Janesville25.3°

Relations strained between city, humane society

October 12, 2012

— The Janesville City Council OK'd hiring two part-timers to pick up abandoned and neglected animals even as members grappled with its rocky relationship with the Rock County Humane Society.

At least one official during Wednesday's budget study session questioned the truthfulness of Angela Rhodes, society executive director.

Members also directed City Manager Eric Levitt to pursue a contract with both the Dane County Humane Society and the Rock County Humane Society to care for strays. The Dane county society already has agreed to take Janesville's neglected and abandoned animals—so-called "owned" animals, which the Rock County society will no longer transport or accept.

"That way, if we cannot come to an agreement this year (with Rock County), or if they (costs) become unmanageable, we could go strictly to Dane County, which has over the last four or five years not increased their fees," Levitt said.

Dane County still must determine whether it has shelter room for more of Janesville's animals, Levitt said.

Councilman Russ Steeber said a contract with Dane County would keep the local humane society from being the only option.

"We're kind of at their mercy, and that's played out in the fees they've charged, the increases we've seen," Steeber said.

He said he doesn't believe the increases have been justified.

"Quite frankly, I'd move it all there (Dane County). The (society) has done us no favors."

Councilwoman Deb Dongarra-Adams agreed.

"I'd love to keep (it) local, but they're playing a game. And I think they're going to lose," she said.

The relationship between the Rock County Humane Society and the council became rocky about two years ago when the society doubled its charge to the city, from about $114,000 to $206,000 annually.

Society officials said then the additional charges still did not cover the cost of animal care. They said they were giving Janesville a break because they wanted the city to build a new animal facility.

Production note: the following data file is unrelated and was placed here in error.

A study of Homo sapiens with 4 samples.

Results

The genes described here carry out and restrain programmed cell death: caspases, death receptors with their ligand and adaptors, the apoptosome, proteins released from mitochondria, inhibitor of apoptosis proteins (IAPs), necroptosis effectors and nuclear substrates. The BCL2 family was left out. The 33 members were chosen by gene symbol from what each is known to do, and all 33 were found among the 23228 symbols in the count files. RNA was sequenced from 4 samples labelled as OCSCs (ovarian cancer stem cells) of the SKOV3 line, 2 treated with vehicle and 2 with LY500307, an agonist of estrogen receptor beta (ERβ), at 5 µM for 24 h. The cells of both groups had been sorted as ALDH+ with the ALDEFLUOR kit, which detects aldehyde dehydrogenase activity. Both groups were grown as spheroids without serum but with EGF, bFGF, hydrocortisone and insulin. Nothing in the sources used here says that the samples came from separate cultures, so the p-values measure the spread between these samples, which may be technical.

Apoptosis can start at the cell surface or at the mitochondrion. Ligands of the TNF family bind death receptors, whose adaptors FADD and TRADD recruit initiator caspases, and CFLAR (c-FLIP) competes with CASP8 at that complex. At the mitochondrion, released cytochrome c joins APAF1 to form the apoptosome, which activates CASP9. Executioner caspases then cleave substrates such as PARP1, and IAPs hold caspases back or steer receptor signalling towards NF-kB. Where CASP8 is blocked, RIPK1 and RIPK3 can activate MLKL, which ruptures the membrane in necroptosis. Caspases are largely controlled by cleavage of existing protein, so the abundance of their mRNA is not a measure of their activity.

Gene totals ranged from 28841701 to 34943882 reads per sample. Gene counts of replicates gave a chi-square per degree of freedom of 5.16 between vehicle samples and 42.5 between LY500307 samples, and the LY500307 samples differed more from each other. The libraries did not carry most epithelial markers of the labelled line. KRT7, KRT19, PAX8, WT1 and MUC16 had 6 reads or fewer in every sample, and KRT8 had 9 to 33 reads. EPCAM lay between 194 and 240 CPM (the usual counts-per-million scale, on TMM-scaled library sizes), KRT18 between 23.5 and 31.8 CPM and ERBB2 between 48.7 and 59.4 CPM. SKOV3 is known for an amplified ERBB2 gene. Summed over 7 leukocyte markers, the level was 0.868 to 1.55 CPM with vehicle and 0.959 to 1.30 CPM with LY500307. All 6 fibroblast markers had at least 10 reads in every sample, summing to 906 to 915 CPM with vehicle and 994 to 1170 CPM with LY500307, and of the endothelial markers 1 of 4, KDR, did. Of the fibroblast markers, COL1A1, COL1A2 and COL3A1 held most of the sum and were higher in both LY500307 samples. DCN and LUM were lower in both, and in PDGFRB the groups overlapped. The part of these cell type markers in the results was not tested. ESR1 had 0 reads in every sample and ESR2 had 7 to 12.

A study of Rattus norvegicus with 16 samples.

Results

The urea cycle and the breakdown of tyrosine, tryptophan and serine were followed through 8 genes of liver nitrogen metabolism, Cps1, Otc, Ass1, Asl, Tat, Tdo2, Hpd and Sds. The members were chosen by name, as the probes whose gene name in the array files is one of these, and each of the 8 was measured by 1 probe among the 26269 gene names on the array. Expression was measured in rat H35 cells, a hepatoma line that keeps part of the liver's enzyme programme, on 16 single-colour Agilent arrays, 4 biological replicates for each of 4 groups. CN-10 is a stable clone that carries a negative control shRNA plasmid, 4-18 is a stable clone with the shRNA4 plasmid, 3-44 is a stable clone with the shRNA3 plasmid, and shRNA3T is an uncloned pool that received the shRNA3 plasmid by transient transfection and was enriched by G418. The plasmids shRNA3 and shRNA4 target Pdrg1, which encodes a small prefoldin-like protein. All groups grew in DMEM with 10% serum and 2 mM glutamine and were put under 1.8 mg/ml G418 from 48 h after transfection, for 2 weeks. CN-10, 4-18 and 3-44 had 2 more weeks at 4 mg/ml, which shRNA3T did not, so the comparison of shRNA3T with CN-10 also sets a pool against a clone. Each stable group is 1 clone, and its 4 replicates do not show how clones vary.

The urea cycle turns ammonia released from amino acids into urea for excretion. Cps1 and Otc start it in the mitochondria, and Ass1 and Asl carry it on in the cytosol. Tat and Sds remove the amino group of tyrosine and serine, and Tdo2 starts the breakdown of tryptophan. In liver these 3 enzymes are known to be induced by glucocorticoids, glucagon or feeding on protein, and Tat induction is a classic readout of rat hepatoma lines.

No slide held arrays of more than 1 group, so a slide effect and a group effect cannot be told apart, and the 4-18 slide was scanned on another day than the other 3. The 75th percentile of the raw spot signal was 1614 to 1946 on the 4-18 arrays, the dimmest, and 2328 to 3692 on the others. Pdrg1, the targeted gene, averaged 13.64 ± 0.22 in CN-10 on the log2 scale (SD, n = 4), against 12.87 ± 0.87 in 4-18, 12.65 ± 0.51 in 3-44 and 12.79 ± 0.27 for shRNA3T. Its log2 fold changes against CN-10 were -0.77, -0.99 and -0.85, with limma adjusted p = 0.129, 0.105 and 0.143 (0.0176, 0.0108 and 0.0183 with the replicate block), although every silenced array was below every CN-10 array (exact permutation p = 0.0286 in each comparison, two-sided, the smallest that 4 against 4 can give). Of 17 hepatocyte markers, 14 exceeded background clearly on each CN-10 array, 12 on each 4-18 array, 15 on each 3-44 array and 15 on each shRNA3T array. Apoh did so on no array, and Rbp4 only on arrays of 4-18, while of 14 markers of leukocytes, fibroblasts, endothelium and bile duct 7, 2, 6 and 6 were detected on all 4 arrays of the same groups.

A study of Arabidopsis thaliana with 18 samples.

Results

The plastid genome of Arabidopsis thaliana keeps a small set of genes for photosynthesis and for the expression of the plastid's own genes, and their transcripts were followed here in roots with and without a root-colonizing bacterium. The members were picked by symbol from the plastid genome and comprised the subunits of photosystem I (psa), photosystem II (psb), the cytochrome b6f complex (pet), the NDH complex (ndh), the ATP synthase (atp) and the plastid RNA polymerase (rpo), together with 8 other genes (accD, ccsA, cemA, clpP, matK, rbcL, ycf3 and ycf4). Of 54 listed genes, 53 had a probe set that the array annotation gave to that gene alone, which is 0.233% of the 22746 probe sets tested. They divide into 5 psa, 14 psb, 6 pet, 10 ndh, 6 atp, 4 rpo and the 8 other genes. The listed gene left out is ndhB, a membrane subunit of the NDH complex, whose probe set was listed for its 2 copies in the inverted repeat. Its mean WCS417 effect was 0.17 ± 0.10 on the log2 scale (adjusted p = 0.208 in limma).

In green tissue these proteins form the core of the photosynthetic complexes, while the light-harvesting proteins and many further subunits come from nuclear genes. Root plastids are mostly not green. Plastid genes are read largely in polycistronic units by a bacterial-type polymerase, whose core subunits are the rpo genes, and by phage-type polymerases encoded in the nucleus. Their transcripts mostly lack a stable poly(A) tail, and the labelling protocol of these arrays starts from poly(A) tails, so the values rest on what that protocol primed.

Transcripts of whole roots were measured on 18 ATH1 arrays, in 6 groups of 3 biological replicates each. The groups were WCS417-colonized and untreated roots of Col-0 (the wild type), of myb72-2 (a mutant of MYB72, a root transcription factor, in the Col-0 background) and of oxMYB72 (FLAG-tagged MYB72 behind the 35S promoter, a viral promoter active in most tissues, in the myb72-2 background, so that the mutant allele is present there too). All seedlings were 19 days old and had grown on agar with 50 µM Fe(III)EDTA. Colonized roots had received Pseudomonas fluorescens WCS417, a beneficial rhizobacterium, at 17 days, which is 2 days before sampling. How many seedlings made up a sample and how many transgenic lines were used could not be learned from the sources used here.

To handle "owned" animals, Police Chief Dave Moore has suggested his department hire two part-time employees, who also could perform other duties.

Janesville had been paying $72,000 for a humane society worker to pick up strays during working hours Monday through Friday.

Moore appeared frustrated Wednesday when he told council members that Rhodes recently said $27,000 of the $72,000 is a "flat fee for stray care staff" that would continue to be charged to the city even if the city picks up animals.

"It is very difficult to provide a budget for animal care planning with the lack of candor by Angela Rhodes and the Rock County Humane Society," Moore said.

On Thursday, Moore said he's not sure his department could afford to hire two part-time employees if the city still must pay the humane society $27,000 for "stray care staff."

Rhodes called Moore's "lack of candor" comment "dishonest and hurtful."

"I didn't 'suddenly' find any additional fees. There are still costs involved with the intake and care of stray animals … Our own budget process has been compromised while we await their decision," she said.

Rhodes said she met with city staff in July and heard their plans but did not exchange budget numbers. She said she waited for recent confirmation to let them know what the fees would be.